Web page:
The business name chosen for the new Vermont Corporation must be different from all other registered and reserved business entities and it may not state or imply that the corporation is organized for some purpose other than specified in its articles of incorporation or permitted by state law. Your new business’ name must include one of the following words, an abbreviation thereof, or words of similar meaning in another language: “Incorporated,” “Corporation,” “Limited,” or “Company.”
By paying a $20 fee, an available corporate name may be reserved for up to four months.
State Incorporation Timelines
The state incorporation timeline is 3 weeks and can be expedited in 10 business days if a faster service is desired.
State Incorporation Filing Fees
The state filing fee is $125, and can be expedited by paying an additional $50
Articles of Incorporation
Before operations begin, a new Vermont corporation must file articles of incorporation with the Vermont Corporations Division of the Secretary of State’s office. The articles must be executed (signed) and delivered by at least one incorporator who must be a natural person (not a business entity) of legal age—and accompanied by the $75 filing fee. The following information must be included in the articles:
- The number of shares the corporation is authorized to issue
- The classes of shares, if any, and the number of shares in each class that the corporation is authorized to issue
- A statement as to any classes of shares that together have unlimited voting rights
- One or more classes of shares (which may be the same class or classes as those with voting rights) that together are entitled to receive the net assets of the corporation upon dissolution
Vermont also permits optional provisions to be included in the articles, such as:
- The names and addresses of the initial directors
- The corporate purpose(s)
- Provisions for regulating the powers of the corporation, its board of directors, and shareholders
- A par value for authorized shares or classes of shares
- Provisions establishing the preferences, designations, limitations, and relative rights of share classes
- Any situations requiring shareholder personal liability for corporate debts
Every Vermont Corporation must have a registered agent in the state—the person or office designated to receive official state administrative and legal correspondence. The registered agent must be either a Vermont resident whose business office is the same as the registered office, or a corporation authorized to conduct business in Vermont that has a business office identical to the registered office.
Bylaws lay out the corporation’s basic managerial and legal operating principles that manage their internal affairs. Vermont corporations must keep a copy of their bylaws at their principal executive office, but are not required to file them with the state.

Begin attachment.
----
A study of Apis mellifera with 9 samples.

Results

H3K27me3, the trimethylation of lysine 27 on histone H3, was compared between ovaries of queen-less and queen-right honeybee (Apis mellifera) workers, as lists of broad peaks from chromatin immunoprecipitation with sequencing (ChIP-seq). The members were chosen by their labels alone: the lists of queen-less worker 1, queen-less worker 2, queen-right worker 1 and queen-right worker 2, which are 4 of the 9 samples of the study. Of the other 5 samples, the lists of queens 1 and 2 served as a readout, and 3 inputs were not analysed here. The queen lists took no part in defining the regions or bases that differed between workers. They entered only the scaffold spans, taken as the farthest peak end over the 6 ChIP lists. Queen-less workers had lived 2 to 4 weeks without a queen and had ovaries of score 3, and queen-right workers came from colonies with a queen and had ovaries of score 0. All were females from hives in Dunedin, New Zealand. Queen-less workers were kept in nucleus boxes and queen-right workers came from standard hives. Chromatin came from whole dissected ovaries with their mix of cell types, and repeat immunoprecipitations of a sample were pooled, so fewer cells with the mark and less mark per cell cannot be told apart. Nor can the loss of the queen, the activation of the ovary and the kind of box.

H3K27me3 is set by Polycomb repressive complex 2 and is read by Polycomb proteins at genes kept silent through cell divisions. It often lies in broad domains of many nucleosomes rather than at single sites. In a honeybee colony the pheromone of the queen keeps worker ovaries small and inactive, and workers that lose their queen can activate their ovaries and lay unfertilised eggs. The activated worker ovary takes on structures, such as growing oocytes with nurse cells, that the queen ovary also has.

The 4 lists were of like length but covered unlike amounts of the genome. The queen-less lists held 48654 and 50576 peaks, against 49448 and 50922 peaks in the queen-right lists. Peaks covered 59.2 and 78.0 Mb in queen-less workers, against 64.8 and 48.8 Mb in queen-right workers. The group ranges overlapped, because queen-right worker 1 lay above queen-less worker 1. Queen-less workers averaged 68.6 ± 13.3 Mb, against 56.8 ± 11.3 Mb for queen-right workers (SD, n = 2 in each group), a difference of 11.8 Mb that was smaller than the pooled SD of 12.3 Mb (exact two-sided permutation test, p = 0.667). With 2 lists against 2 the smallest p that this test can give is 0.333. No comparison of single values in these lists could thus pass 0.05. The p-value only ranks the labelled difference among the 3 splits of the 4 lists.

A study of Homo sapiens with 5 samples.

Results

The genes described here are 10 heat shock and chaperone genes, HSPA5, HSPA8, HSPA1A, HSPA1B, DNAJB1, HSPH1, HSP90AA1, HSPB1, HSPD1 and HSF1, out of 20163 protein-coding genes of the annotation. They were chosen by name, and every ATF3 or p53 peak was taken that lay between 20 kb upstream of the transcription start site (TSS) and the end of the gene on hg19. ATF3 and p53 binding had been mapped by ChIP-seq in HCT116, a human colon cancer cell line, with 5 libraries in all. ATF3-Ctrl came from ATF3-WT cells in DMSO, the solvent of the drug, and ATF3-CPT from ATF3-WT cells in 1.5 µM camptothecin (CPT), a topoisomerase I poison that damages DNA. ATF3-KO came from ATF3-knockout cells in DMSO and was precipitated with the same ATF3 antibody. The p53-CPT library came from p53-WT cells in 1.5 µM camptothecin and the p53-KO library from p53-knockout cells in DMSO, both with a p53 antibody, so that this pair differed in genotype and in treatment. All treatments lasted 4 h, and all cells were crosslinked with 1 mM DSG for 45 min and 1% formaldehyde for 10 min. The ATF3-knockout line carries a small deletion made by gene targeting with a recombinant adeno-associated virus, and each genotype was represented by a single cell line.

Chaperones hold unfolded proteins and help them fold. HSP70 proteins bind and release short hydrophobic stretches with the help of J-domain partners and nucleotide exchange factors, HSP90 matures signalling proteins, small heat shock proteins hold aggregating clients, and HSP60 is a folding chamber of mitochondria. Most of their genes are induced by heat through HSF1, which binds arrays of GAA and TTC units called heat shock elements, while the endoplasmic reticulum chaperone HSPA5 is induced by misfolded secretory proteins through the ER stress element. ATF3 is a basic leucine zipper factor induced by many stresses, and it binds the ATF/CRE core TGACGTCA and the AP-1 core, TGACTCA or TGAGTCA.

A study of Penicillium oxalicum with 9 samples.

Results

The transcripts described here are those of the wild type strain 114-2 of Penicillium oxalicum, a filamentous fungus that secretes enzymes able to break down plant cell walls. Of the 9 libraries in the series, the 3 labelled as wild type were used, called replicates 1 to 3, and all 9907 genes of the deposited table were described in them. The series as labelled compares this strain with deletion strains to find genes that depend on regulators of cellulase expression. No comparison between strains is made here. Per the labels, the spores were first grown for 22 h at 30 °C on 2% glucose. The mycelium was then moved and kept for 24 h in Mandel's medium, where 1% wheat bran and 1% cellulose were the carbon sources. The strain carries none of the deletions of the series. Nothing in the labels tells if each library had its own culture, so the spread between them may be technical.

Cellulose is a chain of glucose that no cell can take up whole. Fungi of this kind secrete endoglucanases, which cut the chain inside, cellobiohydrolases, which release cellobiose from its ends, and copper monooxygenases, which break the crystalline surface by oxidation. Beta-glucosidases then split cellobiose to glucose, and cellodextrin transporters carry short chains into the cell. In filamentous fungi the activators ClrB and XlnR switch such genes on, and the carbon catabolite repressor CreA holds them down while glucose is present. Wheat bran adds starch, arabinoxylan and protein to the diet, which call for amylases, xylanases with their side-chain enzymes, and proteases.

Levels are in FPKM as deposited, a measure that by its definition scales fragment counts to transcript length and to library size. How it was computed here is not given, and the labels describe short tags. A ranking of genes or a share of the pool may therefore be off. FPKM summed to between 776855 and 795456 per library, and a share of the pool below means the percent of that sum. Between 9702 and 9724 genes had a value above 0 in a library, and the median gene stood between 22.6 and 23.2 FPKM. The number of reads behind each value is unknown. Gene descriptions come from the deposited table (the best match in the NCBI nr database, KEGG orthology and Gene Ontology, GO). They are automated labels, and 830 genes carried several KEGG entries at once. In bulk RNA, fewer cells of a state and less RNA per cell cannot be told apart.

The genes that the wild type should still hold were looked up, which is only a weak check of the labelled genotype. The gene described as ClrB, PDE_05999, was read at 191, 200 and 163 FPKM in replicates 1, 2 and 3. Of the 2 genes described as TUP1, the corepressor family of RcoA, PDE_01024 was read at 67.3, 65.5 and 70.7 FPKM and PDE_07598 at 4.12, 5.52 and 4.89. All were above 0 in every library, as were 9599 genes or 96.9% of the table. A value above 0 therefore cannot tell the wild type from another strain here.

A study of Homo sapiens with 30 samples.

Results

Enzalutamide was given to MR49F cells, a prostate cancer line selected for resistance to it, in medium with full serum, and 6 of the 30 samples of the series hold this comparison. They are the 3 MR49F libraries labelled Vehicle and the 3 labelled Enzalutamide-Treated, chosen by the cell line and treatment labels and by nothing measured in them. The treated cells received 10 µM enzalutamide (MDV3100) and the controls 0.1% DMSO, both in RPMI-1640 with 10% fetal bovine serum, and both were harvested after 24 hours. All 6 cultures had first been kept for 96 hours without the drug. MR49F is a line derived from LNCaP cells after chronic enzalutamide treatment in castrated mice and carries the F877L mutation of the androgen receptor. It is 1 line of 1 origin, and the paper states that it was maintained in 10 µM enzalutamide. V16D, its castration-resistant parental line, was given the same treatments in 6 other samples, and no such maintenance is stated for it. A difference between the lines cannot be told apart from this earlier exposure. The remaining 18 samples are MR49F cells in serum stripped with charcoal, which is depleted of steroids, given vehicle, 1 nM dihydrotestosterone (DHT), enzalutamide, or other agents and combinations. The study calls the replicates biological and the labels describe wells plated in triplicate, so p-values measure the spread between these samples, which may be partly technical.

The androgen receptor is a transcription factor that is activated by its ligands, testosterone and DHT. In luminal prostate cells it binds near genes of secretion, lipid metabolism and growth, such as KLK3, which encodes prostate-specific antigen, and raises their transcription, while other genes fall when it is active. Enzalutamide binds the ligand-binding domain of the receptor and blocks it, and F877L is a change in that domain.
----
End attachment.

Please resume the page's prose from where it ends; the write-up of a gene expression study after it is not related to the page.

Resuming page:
At its initial meeting, the incorporators or the board of directors should adopt corporate bylaws, and then keep them updated as time goes on. If no directors have been elected the incorporators may adopt initial bylaws for the corporation. If neither the incorporators nor the board of directors have adopted initial bylaws, the shareholders may do so.
The board of directors of a corporation may adopt, amend, or repeal bylaws, unless the articles reserve this right to the shareholders. Bylaws normally address:
- Shareholders and directors meetings
- The authority, number, and tenure of directors
- Voting procedures
- The duties, responsibilities, and tenure of officers
- How stock is issued
- How and when annual financial information is provided to shareholders
Officers are listed in the initial bylaws or elected by the board of directors, and may appoint other officers in accordance with the bylaws. There must be at least a president and a secretary. Officers may appoint other officers in compliance with the bylaws and board of directors. At least one officer has the responsibility of preparing minutes of director and shareholder meetings, and for maintaining and authenticating corporate records.
An officer may hold more than one office in the corporation unless the corporation is a professional corporation.
Your new Vermont corporation must file an annual report with the state Secretary of State within two and a half months following the end of each fiscal year. This report must indicate:
- The corporation’s name and its place of incorporation
- The address of the corporation’s registered office
- The name of its registered agent there
- The address of the corporation’s principal office
- The names and addresses of the corporation’s directors, president, secretary, treasurer, and all others with policy-making authority
The corporation must mail annual financial statements to its shareholders within 120 days after the close of its fiscal year. These statements must include (as a minimum) a balance sheet, income statement, and a statement of changes in shareholders’ equity.
Vermont’s corporate tax system has three brackets with an annual minimum payment of $250 and a top rate of 8.5 percent on corporate income of over $25,000. The Green Mountain State recognizes “S corporation” status. A “subchapter S” corporation (frequently referred to as an “S corp”) is treated as a pass-through entity for tax purposes in the same way as a sole proprietorship or partnership. The S corp does not file a tax return on its own behalf. Instead, all tax-related data for the S corp is filed as part of the owner’s individual income tax.